Data management plans usually include the following:
Describe the data that your research will generate/collect.
In addition to describing the types of data for your research, also describe the formats for the files in which the data will be stored, maintained, and made available. Use non-proprietary formats or convert data converted to more open, shareable formats, whenever possible.
Describe how you will annotate and/or describe the data, including the metadata standards and tools (if any) that will be employed.
Describe the descriptive information (e.g., lab or field notes, statistical and computational methods and scripts, instrumentation configuration). This metadata can take a variety of forms. Also describe any applicable standards for metadata content and format that you will follow, including the procedures and tools/software you will use to capture and edit the metadata.
How will the data be organized, stored and protected during the research project?
Describe the storage and backup resources and procedures for the data. For sensitive data, describe what measures will be taken for protection of privacy and confidentiality. Also consider security, intellectual property, and other rights.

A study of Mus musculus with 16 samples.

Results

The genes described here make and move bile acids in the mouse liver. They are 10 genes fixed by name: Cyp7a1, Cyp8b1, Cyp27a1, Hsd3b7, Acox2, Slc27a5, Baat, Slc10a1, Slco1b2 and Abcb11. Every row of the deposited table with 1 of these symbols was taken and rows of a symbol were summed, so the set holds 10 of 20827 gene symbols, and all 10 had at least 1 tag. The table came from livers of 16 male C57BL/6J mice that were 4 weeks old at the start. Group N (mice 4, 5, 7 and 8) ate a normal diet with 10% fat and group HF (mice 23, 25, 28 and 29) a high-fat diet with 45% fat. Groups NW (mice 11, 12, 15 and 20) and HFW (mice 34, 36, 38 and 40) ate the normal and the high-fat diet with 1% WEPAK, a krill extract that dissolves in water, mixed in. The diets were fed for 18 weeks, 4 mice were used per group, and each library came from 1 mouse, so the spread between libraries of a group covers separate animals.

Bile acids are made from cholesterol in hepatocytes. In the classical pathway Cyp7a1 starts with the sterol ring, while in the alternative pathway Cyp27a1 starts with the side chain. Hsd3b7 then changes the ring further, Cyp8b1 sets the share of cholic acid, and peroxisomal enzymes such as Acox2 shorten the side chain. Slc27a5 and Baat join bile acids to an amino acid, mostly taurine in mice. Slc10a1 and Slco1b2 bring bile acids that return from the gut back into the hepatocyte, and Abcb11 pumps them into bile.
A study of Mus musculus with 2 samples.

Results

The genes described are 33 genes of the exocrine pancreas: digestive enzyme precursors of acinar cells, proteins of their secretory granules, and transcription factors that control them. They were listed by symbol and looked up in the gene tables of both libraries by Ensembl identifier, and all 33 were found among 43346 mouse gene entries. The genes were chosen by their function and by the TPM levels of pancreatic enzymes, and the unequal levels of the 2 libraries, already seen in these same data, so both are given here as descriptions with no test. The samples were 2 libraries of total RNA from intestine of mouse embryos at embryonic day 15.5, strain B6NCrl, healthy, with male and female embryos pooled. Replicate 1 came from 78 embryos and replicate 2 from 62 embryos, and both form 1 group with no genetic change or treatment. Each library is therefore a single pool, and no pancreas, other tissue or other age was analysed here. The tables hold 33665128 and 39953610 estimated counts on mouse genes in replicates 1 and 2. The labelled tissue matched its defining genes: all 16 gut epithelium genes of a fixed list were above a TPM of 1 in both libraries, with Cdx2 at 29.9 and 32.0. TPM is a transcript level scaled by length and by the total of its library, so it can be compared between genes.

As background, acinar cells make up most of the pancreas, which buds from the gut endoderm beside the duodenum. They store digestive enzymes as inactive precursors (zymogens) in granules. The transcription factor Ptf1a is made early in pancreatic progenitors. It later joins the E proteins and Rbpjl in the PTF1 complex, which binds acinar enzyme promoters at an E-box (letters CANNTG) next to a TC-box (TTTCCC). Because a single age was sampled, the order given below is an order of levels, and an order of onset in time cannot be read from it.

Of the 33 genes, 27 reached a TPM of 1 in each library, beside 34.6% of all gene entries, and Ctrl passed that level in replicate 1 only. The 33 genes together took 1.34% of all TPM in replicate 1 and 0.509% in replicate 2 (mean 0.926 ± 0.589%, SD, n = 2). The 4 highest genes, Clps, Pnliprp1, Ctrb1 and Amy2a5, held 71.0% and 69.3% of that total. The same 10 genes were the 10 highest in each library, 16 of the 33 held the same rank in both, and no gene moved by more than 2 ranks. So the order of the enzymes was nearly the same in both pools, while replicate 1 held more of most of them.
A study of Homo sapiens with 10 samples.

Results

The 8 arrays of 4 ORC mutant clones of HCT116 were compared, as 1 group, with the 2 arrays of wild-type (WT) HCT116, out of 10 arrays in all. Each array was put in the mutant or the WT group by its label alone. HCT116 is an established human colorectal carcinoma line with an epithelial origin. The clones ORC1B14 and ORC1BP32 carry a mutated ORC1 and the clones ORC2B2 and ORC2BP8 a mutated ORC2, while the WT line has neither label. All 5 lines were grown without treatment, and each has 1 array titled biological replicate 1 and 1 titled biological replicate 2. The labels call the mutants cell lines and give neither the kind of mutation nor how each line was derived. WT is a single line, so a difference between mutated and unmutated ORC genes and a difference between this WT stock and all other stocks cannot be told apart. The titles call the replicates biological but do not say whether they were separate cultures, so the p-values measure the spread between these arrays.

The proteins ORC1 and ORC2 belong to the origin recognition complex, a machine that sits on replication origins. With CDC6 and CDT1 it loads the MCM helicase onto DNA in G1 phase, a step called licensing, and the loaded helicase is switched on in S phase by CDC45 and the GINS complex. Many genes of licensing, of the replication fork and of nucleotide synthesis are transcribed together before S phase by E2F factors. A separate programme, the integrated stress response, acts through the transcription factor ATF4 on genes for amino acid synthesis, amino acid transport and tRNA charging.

How will the data be shared with others, during and after the project?
When possible, it is to your advantage to deposit your research data in data centers or repositories that facilitate access to (and often, preservation of) the data. This should include a description and rationale for any restrictions on who may access the data and under what conditions, a timeline for providing access, and information on the resources that will be needed to meet anticipated requests.
Where and how will the data be archived/preserved for long-term access?
Describe your plans for preserving data in accessible form. Include a timeline proposing how long the data are to be preserved, outlining any changes in access anticipated during the preservation timeline, and documenting the resources needed to meet the preservation goals.
Include the costs associated with data management, access and preservation in your budget. Your plan does not need to include a budget, per se. However, NIH and NSF allow data management costs to be included in a proposal budget. If those costs can be defined you should budget for them, and consider how the expenditures would be addressed before the grant closes (sometimes, before articles and associated data are published). Examples might include: fees charged by some repositories, and data preservation for large datasets that are too large to be deposited in a repository.